For seven decades the Office for National Statistics has been using a notional ‘Basket of Goods and Services’ to help measure the rising and falling cost of products and services over time, known as consumer price inflation.
This ‘shopping basket’ contains hundreds of goods and services, with some items taken out of the basket and some brought in to make sure the measures are up to date and representative of consumer spending patterns.
Explore the history of the basket below. Some basket data is missing, so we have only been able to estimate when an item was excluded from the list.
How is the Basket of Goods compiled?
In principle, the basket of goods and services should contain all consumer goods and services purchased by households and the prices measured in every shop or outlet that supplies them.
In practice, a sample of prices for a selection of representative goods and services in a range of UK retail locations is used.
Currently, around 180,000 separate price quotations are used every month in compiling the measures, covering around 700 representative consumer goods and services. These prices are collected in around 140 locations across the UK and from the internet and over the phone at ONS.
Within each year , the consumer price indices represent the changing cost of a basket of goods and services of fixed composition, quantity and quality. In this way, changes in the consumer price indices from month to month reflect only changes in prices, and not ongoing variations in the quality and quantity of items purchased by consumers.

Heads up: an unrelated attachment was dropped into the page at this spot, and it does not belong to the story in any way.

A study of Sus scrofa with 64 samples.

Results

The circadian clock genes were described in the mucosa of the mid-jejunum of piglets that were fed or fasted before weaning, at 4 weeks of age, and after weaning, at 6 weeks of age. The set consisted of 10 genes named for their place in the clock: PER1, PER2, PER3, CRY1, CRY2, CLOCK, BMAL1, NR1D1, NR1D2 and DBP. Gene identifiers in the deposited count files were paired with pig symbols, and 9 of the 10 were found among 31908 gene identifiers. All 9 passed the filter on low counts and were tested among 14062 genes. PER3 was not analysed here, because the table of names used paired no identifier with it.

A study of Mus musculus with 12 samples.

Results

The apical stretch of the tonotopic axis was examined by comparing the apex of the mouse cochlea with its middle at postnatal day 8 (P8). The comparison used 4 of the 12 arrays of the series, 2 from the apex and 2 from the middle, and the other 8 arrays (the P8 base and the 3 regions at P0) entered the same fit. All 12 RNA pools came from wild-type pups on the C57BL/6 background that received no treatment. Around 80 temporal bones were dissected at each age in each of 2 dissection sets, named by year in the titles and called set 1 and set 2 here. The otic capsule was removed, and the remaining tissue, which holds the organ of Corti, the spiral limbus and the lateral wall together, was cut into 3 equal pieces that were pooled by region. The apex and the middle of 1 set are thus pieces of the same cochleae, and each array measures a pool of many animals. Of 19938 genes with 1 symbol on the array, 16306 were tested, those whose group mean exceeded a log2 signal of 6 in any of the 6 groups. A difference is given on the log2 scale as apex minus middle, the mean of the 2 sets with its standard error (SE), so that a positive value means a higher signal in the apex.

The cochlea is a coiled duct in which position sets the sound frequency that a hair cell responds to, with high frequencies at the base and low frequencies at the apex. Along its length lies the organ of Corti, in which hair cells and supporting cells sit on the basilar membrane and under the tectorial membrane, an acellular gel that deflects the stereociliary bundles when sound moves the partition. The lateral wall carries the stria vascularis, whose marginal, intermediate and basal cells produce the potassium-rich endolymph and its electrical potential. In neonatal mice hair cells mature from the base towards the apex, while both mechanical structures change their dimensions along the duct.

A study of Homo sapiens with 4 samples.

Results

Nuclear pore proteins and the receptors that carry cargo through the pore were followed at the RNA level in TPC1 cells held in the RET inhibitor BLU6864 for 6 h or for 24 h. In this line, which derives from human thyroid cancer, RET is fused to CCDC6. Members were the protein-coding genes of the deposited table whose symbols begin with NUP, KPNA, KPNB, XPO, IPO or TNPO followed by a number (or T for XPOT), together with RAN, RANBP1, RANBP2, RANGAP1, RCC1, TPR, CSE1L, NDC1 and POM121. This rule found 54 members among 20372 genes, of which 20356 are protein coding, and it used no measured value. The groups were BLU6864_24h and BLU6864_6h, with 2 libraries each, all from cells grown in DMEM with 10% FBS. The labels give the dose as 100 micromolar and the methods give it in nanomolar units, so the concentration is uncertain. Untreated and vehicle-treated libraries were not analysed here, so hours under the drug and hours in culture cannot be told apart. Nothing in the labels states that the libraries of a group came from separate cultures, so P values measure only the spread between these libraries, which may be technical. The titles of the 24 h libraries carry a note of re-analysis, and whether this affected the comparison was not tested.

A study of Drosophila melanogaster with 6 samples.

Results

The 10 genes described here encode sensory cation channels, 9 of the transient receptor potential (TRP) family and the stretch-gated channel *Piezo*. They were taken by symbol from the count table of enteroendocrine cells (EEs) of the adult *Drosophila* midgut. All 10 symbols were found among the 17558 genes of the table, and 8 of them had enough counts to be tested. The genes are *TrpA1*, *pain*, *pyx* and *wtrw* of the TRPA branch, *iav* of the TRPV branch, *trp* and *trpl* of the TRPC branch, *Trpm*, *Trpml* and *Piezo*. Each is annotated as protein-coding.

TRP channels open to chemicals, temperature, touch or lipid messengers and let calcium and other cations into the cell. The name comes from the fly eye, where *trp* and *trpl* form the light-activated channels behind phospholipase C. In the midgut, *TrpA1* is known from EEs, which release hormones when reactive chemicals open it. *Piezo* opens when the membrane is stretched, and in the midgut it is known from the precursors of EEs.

However, the contents of the consumer price inflation basket of goods and services and their associated expenditure weights are updated annually. Weights are applied to items to ensure that their influence on the overall measure reflects their importance in the typical household budget.
This annual updating is important in helping to avoid potential biases that might otherwise develop over time – for example, due to the development of entirely new goods and services, or the tendency for consumers to move away from buying goods and services which have risen relatively rapidly in price and to goods and services whose prices have fallen. For example, if the price of tea rose dramatically during one year, consumers might switch their spending towards coffee making it necessary to adjust the expenditure weights accordingly in the following year.
These procedures also help to ensure that the indices reflect longer-term trends in consumer spending patterns. For example, the proportion of household spending on services has broadly risen overall over the last 25 years. This is reflected both in an increasing weight for this component in the consumer price indices, and the addition of new items in the basket to improve measurement of price changes in this area.
Equally, the weights of education and communication in the CPI have risen since the start of the millennium as university fees have risen and increased use has been made of mobile phones and bundled communication services. Conversely the weights of food and tobacco have fallen.
There are four different measures of consumer price inflation – the Consumer Prices Index (CPI) which is produced to international standards, CPIH which is a measure of consumer price inflation that includes owner occupier housing costs, the Retail Prices Index (a long-standing measure of UK inflation that has been used for a wide range of purposes), and an improved variant of RPI, called RPIJ, which unlike the RPI uses formulae that meet international standards.
There are 12 divisions of CPI in the 2016 basket: food & non-alcoholic beverages, alcohol & tobacco, clothing & footwear, housing & household services, furniture & household goods, health, transport, communication, recreation & culture, education, restaurants & hotels and miscellaneous goods & services. These are broken down further into 85 classes, for example, bread and cereals, electricity, new cars and cultural services.
More technical information about how the Basket of Goods is compiled is available from the ONS website.